No Zip

I had to prove my identity yesterday in a comprehensive, ‘No, really, are you actually a distinct individual named A K M Adam who has been alive since…, and currently resides…, and who has not committed any criminal offences…’ way. I brought along my RFIDed passport, by hyperbiometric Leave to Remain, an expired passport, my birth certificate and Social Security card, and several bank and utility notices, a pay check stub, and I was prepared to do the whole ‘Google for AKMA, and observe how far back in time you can see photos of me under that name’ deal. Luckily for me, my identity was affirmed; then again, I am a cisgendered straight White male whose English-language skills are only inflected by having lived in the USA for fifty years.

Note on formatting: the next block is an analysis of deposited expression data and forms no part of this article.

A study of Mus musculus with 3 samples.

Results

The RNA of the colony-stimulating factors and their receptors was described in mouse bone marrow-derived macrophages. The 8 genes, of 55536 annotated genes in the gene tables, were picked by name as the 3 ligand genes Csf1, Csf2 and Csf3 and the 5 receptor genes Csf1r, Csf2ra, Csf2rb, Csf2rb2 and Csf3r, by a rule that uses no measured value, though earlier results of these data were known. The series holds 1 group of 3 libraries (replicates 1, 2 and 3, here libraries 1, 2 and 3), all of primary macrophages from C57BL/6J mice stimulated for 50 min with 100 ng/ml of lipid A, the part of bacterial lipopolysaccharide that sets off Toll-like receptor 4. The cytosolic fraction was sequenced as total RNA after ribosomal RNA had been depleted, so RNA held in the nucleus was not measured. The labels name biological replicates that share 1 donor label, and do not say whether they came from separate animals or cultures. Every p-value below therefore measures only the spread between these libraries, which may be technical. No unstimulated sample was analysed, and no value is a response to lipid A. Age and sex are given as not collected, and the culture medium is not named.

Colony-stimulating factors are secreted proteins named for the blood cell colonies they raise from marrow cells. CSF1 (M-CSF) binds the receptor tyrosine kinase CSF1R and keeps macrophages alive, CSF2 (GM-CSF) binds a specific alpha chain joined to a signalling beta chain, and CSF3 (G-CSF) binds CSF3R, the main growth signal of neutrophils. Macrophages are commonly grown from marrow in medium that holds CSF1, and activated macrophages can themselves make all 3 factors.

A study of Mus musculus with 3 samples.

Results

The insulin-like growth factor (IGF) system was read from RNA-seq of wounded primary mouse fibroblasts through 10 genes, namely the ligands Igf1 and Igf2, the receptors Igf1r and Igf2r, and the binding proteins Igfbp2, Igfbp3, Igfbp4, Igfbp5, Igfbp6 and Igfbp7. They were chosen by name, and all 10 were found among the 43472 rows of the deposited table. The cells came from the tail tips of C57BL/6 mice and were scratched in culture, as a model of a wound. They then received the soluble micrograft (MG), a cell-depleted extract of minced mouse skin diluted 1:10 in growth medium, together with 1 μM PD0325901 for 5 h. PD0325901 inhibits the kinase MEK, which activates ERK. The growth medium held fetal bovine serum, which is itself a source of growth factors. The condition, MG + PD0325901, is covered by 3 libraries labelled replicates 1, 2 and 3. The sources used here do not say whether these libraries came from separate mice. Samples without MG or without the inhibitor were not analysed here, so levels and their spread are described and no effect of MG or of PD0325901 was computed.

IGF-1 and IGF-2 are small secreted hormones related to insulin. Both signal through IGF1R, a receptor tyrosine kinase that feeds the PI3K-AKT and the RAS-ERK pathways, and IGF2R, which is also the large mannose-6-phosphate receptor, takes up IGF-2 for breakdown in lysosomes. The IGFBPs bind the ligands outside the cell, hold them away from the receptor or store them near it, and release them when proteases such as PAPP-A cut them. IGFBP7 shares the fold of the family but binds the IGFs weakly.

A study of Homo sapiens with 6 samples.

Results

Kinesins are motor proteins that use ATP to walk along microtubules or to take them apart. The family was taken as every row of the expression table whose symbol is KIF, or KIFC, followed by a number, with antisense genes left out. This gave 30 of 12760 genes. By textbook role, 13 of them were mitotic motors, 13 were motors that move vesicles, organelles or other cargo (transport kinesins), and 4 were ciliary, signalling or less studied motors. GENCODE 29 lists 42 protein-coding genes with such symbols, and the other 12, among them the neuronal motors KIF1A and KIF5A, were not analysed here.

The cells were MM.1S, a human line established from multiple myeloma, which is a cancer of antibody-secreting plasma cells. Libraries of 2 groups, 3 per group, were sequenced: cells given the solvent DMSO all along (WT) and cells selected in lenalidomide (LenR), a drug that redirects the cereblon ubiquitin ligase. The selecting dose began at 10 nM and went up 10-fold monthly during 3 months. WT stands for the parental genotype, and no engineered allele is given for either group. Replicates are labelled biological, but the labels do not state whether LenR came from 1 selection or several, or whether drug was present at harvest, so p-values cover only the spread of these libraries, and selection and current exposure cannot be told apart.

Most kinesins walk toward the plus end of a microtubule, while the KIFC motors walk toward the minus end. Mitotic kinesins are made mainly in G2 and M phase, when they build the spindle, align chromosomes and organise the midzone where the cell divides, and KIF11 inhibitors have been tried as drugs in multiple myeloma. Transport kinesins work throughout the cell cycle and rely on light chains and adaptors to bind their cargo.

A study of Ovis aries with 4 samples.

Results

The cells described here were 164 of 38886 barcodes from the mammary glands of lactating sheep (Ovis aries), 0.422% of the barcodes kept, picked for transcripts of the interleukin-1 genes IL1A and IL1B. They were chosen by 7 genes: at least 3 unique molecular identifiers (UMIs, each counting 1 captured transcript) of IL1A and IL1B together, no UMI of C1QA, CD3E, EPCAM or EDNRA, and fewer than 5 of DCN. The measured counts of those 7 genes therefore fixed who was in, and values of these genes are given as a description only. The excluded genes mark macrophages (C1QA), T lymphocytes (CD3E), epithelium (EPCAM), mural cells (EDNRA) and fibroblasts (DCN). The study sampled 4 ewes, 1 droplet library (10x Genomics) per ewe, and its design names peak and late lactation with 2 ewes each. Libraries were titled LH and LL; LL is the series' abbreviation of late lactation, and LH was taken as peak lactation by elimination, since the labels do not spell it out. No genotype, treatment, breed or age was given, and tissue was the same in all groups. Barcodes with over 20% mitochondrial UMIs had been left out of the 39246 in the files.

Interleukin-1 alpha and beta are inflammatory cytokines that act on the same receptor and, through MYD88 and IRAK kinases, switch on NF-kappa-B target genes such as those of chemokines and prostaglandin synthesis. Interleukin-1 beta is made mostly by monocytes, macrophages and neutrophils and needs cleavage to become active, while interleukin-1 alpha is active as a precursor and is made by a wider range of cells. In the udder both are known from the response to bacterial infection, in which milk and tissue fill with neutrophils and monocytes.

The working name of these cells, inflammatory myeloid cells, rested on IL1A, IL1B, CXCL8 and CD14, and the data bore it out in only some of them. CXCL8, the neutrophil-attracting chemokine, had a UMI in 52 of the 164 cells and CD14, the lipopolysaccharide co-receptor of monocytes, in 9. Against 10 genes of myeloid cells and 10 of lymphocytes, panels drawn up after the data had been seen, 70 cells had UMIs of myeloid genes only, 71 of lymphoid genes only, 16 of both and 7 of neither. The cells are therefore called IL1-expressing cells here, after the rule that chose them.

In the process, though, I noticed that my birth certificate (the original) and Social Security card show unmistakeable signs of having been prepared in the 1950s. Over and above the wear and tear on my certificate (really, I ought to get a fresh official copy) the typography and general design sensibility belong markedly to the pre-1960s world. Even more, the addresses (and telephone numbers, if there were phone numbers on them) reflect the more local world before nine- or even five-digit Zip codes. My name was typed on my Social Security card, which was then stapled onto a larger informational card that explained the idea of Social Security. The contrast with my Leave to Remain card couldn’t be much starker.

And the very capacity to observe that contrast in epochs marked me as having been alive for a long time.

Go, and also, my time Sunday morning was 10:17. No zip there, either.